The Year That Was
2011 saw some economic ups and downs, but many companies turned to RFID to track the locations of their products and assets—and to monitor their conditions.
Dec 19, 2011—This year started off well. There was a lot of confidence that the global economy was slowly emerging from the Great Recession. RFID Journal LIVE! 2011 was well attended, with a great deal of and energy and buzz. The U.S. Congress' mid-year fight regarding whether or not to raise the debt ceiling cooled consumer optimism and slowed spending. And then, rising concerns about the financial stability of Greece and other European nations further exacerbated economic uncertainty.
While the economy remains fragile, companies made progress in employing radio frequency identification to improve the way they do business. One key trend: RFID entered the beginning of Phase 2 adoption. Phase 1, in my mind, has always been utilizing the technology in the most basic way—to identify objects and determine their locations. Phase 2 involves using RFID to know what an item is and where it is located, and to monitor its condition. Phase 3 will be to employ RFID to control objects or the environment automatically, such as having robots perform tasks based on input from an RFID system.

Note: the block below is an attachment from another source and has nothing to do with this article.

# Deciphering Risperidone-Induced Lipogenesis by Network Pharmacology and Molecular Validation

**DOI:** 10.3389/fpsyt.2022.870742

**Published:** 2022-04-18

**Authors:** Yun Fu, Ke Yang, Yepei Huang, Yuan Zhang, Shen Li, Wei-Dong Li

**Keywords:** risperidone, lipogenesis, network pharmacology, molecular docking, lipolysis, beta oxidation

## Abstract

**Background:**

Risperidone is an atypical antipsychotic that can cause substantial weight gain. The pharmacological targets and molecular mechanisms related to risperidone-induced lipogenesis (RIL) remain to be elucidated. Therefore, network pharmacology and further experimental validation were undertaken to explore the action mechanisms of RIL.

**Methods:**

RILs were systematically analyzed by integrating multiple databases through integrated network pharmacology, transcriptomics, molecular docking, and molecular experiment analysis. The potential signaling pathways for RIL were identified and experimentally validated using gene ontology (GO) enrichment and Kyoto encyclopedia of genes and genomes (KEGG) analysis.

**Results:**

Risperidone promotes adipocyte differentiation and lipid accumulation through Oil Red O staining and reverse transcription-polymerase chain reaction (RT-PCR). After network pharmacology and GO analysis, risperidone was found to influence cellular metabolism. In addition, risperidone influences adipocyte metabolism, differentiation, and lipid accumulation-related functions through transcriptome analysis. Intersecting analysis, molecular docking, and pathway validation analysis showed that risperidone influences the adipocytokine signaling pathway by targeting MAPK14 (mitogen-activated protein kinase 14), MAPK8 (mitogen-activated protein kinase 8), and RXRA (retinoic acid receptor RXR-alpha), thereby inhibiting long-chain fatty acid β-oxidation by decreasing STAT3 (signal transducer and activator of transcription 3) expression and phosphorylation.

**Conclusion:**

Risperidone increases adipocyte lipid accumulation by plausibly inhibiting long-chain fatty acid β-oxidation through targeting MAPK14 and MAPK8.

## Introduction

Here are some articles from the past year that show how companies are utilizing radio frequency identification to monitor the conditions of things in the real world:
With RFID, Malaysian Logistics Company Gets Fewer Blowouts
Lee Ting San Group has begun attaching rubber-encased EPC Gen 2 tags to tires on some of its trucks, to help it track inspection and maintenance.
To Keep Drugs from Expiring, Hospital Tests Intelliguard System
The San Diego facility hopes to save costs by deploying MEPS Real-Time's drug-management system, which uses RFID-enabled drug-dispensing cabinets in conjunction with standard EPC Gen 2 tags.